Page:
What is a cricket table?

Recognisable for its three splayed legs and simple round top, the cricket table is a versatile, functional piece of furniture with many variations and even more uses, says Katherine Wright, auctioneer and antiques specialist at Lyon & Turnbull

What is a cricket table
Elizabeth Whiting / Alamy Stock Photo
Published: February 24th, 2022 at 9:00 am


A cricket table sits perfectly in this country dining room, next to an antique dresser and campaign chair
A cricket table sits perfectly in this country dining room, next to an antique dresser and campaign chair Elizabeth Whiting / Alamy Stock Photo

Due to its name, the cricket table is often assumed to be connected to the game of cricket, which has been played in England since the 17th century. There are suggestions that the three legs relate to the three stumps of the wicket, while the splayed design of the legs, which give great stability, led to the perception that the tables were made for use in uneven outdoor settings, such as a cricket field. However, although it is possible that this form of table may have been used at matches, there is no evidence of a direct connection between the table and the game.

In centuries past, ‘cricket’ was the term used in parts of the British Isles for a small stool. No one knows for sure why this name was used. These small stools or crickets could be of rectangular form with a top and four sides, or a simple round top with three legs. They were extremely practical and could be used in numerous ways, such as for milking stools, child’s seating or kettle stands. In areas of the North East of England, the cricket stool became known as a ‘cracket’.

The cricket table evolved from the small round cricket stool. Cricket tables were not known by that name in the 18th and 19th centuries, when they were called drinking tables. In the 20th century, it has been common within the antiques trade to name furniture types, such as a Pembroke table or a Welsh dresser. Cricket is a familiar common term, and so the cricket table has become a well-known piece of furniture.

What is a cricket table
A rare Georgian tavern cricket table in elm, c1800, with a heavily chamfered oval top on three turned legs, £7,500–£10,000, Robert Young Antiques

Interestingly, the term ‘cricket stool’ is recorded in written history such as old household inventories. Whereas the term ‘cricket table’ does not appear to be recorded in historical documents or literature before the 20th century, rather it is a name that has become familiar in more recent times and through the oral tradition.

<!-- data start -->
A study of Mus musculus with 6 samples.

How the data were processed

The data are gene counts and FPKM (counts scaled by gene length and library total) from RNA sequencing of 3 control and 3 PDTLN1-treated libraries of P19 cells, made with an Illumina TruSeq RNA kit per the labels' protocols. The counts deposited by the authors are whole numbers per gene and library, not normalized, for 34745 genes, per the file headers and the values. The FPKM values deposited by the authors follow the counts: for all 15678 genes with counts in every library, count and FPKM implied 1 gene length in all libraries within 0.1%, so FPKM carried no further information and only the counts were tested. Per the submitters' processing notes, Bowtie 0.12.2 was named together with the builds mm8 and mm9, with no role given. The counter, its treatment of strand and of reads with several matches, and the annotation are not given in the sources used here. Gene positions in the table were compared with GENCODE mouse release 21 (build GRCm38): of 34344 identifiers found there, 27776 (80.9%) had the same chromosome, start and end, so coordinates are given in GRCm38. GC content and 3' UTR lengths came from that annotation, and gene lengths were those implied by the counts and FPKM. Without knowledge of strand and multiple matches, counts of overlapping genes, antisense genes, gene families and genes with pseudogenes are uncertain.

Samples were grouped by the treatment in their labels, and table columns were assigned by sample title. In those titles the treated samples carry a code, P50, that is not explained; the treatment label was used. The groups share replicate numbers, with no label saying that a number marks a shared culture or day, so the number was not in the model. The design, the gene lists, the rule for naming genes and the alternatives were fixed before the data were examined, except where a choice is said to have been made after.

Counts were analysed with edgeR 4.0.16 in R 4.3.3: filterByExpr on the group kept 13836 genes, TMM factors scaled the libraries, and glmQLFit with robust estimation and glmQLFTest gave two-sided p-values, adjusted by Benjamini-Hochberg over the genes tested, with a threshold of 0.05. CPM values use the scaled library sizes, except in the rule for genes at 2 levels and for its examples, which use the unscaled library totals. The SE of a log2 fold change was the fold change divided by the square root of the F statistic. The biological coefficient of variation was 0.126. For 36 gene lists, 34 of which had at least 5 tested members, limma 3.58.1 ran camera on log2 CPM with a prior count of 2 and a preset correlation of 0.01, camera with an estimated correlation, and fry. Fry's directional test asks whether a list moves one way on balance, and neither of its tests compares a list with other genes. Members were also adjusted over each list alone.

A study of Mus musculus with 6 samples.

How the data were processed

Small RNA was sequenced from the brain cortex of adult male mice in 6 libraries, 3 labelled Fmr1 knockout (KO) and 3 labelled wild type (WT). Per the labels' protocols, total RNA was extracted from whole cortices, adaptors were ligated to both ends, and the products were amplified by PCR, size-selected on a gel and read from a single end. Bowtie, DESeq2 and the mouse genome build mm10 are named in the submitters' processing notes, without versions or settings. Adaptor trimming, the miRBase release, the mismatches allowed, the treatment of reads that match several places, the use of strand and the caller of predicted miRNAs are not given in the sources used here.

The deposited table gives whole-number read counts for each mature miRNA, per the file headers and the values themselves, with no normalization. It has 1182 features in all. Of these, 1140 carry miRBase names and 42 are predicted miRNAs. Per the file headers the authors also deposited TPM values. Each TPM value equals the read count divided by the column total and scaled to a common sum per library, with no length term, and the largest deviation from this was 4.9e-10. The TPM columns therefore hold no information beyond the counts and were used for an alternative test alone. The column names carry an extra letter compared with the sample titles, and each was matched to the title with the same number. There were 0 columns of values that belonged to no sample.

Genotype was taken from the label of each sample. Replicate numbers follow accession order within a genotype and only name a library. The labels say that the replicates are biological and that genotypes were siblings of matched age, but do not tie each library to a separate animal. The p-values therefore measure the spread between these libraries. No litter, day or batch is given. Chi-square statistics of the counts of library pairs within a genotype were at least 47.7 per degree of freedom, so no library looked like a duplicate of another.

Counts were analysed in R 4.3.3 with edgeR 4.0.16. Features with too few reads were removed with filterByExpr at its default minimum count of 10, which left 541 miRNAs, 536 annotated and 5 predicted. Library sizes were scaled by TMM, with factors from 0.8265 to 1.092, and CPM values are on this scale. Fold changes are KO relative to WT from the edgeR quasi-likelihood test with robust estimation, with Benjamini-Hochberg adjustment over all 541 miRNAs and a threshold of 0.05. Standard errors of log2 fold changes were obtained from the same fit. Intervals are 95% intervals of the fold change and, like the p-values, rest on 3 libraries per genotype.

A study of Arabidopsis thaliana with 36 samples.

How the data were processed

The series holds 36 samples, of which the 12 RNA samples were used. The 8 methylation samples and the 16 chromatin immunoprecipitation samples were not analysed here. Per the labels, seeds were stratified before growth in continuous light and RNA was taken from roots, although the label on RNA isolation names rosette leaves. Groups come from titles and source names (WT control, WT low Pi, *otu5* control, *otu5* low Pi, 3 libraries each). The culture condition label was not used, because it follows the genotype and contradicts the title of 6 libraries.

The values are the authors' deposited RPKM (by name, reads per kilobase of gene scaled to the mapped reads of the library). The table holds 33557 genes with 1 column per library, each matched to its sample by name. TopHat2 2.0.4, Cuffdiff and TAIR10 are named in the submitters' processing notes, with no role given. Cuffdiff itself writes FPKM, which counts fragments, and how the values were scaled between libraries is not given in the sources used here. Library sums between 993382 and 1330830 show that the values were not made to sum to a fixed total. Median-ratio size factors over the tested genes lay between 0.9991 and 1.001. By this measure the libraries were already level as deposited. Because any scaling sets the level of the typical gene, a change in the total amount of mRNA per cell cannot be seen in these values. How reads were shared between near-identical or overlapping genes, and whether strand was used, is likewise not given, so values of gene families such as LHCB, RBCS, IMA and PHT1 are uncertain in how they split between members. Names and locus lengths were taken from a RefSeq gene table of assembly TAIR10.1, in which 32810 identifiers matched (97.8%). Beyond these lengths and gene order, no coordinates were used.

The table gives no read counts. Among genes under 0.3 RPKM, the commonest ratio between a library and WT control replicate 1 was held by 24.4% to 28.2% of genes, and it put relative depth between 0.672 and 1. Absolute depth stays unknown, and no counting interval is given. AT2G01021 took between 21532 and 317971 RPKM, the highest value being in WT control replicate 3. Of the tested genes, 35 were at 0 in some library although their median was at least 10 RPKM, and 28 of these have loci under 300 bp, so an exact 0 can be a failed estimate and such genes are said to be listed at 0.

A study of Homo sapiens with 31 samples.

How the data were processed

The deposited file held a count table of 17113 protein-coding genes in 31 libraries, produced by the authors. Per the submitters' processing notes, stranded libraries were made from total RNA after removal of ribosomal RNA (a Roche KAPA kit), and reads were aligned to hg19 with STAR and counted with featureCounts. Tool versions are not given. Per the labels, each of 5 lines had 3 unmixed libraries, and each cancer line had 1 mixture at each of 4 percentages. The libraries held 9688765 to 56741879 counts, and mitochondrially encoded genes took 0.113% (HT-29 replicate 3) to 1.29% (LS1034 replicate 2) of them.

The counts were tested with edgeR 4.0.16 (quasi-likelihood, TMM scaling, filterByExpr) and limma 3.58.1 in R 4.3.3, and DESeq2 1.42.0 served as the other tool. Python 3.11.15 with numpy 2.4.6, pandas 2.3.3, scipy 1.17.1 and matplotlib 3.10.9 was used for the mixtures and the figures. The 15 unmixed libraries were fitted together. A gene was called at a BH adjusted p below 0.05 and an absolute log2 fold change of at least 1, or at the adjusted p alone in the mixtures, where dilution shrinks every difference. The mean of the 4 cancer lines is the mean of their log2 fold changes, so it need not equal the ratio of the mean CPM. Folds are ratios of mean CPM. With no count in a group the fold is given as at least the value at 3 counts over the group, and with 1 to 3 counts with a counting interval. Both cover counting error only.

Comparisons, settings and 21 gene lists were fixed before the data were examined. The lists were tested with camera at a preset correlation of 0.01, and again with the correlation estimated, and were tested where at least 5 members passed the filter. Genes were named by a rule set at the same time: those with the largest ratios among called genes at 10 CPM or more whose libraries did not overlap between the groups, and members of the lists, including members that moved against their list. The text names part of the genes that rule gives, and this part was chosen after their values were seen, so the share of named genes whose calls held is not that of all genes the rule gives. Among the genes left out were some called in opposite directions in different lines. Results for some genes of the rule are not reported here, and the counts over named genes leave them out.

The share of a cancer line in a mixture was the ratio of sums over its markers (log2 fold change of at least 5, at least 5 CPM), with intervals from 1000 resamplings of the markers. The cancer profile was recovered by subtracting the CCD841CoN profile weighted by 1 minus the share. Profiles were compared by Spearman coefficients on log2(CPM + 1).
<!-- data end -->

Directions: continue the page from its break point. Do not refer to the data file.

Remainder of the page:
Cricket tables work in both period and contemporary interiors as, although they have a traditional antique appearance, the simplicity of the design means that they sit well in a modern home. They also have numerous uses, including as a small supper table, a lamp table, or a bedside table. Often very individual, cricket tables are full of character, and made from distinctive woods that have attractive features and figuring.


Anatomy of a cricket table at a glance


What is a cricket table?

A table with a round wooden top and three splayed legs.

When were cricket tables invented?

Some early forms date from the 17th century, but they were more commonly found in the 18th, 19th and 20th centuries.

Who makes cricket tables?

Local wrights or craftsmen rather than well-known ‘named’ makers of fashionable furniture.

What to look out for

There are many variations in style, as these tables were made by individual craftsmen and not on a factory production line. Look out for examples with character, and that show constructional features such as mortise-and-tenon joints; timber with attractive grain or colour, and a good depth of patination built up from many years of use.


19th and 20th-century examples can be bought for under £200. Earlier examples, particularly those with distinctive regional features, can make several thousand pounds at auction. Price depends on factors such as age, condition, and the overall appealing qualities of the table.